Book a week Review # 5 The Handmaid’s Tale
By one-fourth the novel, my mind was swept through doubts. The Handmaid’s Tale, until then had been rich with flowing prose that evoked life-like imagery. But I wasn’t getting a hang of the story. I wanted to drop it for another one. Somehow, it seemed ‘not right.’ But I still continued reading it. Why? I can’t pinpoint the reason.
Maybe it was due to the new way in which the novel was penned.
The narration is unorthodox. The story unfolding through the thoughts of the narrator (she’s called a handmaid.) Whatever she sees, smells, reads (no, cut that off, she is not allowed to read) is there for you to experience. Like looking into a kaleidoscope you see the life the way she experiences. Her most intimate thoughts, deepest of desires, her secrets, her fears. All the observations, her feelings unfolding one by one as she experiences them. It’s quite an experience.
But I was still getting that feeling that something is not right. And however impressed I was with the imagery, I was still getting a feeling of going nowhere. I felt struck in the world of her mind. And I didn’t even know whether that world was real or one imagined by her. I got the answer soon.
At around middle of the book I realize that I’m supposed to feel like this. The world of the narrator itself is ‘not right.’
On the surface the world looks like the world we currently inhabit. The people going about their lives. The cars on the road. The shops in the arcade. Everything looks normal. But there is an eerie sense in them. A world hung in a dangerous balance. World waiting to fall apart.
There is more than one kind of freedom, says Aunt Lydia to the narrator. “Freedom to and Freedom from. In the days of anarchy, it was freedom to. Now you are being given freedom from. Don’t underrate it.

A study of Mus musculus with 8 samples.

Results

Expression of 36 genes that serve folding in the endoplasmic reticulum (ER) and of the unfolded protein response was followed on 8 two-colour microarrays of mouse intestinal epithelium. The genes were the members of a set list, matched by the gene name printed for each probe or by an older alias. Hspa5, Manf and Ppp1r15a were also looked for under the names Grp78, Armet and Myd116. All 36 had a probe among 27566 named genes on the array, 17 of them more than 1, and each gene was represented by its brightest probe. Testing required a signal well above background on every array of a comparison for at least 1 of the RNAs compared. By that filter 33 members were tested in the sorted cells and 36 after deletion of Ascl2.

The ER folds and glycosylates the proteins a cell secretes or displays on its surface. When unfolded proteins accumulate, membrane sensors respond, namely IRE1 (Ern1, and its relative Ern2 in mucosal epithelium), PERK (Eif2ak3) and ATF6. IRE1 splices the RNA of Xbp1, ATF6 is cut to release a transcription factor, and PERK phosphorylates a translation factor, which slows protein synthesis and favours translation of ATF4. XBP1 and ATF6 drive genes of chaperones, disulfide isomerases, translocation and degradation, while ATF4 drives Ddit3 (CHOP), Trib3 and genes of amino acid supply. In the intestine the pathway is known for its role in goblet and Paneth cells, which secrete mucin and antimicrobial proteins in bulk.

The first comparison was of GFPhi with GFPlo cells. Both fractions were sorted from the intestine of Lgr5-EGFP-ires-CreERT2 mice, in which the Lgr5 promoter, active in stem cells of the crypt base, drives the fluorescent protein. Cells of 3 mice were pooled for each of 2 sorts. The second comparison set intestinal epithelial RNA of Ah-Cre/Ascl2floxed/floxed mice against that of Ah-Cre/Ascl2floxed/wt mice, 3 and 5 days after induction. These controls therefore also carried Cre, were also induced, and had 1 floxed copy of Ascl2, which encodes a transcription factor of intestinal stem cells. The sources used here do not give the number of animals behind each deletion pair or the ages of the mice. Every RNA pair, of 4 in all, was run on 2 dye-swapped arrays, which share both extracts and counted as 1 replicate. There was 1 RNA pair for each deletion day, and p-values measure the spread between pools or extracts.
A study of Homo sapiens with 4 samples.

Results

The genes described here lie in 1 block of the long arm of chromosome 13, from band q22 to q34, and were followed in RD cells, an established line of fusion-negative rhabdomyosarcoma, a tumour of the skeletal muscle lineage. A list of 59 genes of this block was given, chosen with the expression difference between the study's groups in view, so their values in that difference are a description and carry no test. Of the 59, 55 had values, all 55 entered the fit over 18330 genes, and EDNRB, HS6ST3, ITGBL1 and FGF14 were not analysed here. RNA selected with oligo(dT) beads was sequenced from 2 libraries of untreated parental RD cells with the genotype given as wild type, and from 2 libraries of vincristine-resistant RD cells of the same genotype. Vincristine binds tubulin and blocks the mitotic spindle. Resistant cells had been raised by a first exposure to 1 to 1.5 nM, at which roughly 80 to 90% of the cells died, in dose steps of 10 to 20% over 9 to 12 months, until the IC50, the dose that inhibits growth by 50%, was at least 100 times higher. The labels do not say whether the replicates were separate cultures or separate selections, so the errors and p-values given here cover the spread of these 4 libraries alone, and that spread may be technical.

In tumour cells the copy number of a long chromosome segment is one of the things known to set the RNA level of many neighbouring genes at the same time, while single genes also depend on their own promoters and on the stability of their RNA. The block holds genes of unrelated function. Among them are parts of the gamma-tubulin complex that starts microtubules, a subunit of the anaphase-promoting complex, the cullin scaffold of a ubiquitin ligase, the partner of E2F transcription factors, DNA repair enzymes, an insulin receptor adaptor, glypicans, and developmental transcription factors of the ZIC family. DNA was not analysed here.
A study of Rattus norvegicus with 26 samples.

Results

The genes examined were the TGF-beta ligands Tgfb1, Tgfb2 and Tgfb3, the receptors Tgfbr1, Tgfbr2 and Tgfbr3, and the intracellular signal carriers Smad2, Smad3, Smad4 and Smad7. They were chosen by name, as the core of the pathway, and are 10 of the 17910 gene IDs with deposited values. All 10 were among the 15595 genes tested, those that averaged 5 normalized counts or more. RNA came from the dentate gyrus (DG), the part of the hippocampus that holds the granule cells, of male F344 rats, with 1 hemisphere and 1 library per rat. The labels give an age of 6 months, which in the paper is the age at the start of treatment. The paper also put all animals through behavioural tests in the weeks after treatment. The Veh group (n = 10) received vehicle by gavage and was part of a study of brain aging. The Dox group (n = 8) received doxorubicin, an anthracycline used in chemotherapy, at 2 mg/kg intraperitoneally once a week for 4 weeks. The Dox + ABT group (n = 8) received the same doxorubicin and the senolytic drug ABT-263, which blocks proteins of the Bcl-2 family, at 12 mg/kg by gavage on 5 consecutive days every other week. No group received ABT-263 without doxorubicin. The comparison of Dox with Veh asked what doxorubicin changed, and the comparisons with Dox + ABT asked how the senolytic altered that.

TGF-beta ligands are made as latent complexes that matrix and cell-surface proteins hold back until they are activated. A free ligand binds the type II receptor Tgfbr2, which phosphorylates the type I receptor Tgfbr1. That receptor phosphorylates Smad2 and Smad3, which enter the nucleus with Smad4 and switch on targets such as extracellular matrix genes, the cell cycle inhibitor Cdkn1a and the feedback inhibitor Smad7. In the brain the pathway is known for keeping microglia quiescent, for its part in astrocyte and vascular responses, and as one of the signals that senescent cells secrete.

It was then you start getting sense of this world. It is the world where there is no ‘freedom to,’ at all.
Like the hands of a clock, every person covers a defined path, performing a defined role. It’s a world where human beings are reduced to mechanical contraption. Where you wake up and follow a defined routine. Follow rules that have been written for you, until you sleep and wake up to repeat the process, day after day.
In this world every person has a defined role in the society.
The narrator is a Handmaid. And Handmaid’s have an important role in this society. They are the few ones left with the ability to procreate. But instead of worshiping these goddess of ‘life’ they are reduced to a vessel which is passed around to fulfil the most ultimate thirst of our species — to produce life.
They are rotated among the houses of the privileges as a tool of procreation. A vessel in which the seed of life is sowed in them, and they are nurtured until that seed is converted to a life. Then they are send to another place. The same seed to life process being repeated. And it goes on until they can do it, sustain this passing around, after which they are discarded, like the spent butt of a cigarette.
They have no freedom. They can’t read or write. Nor they can walk around as leisure. Smoking and drinking is banned for them. They walk the path delineated for them, buy the things from a list given to them.
The book never follows a structure. But that’s the best part of the book. Through the most careless of the observations of narrator we glimpse on crucial aspect of this world. Through the continuous stream of thoughts you come to experience a world that is nightmarish, absolute and cruel. The world where every person is reduced to an object.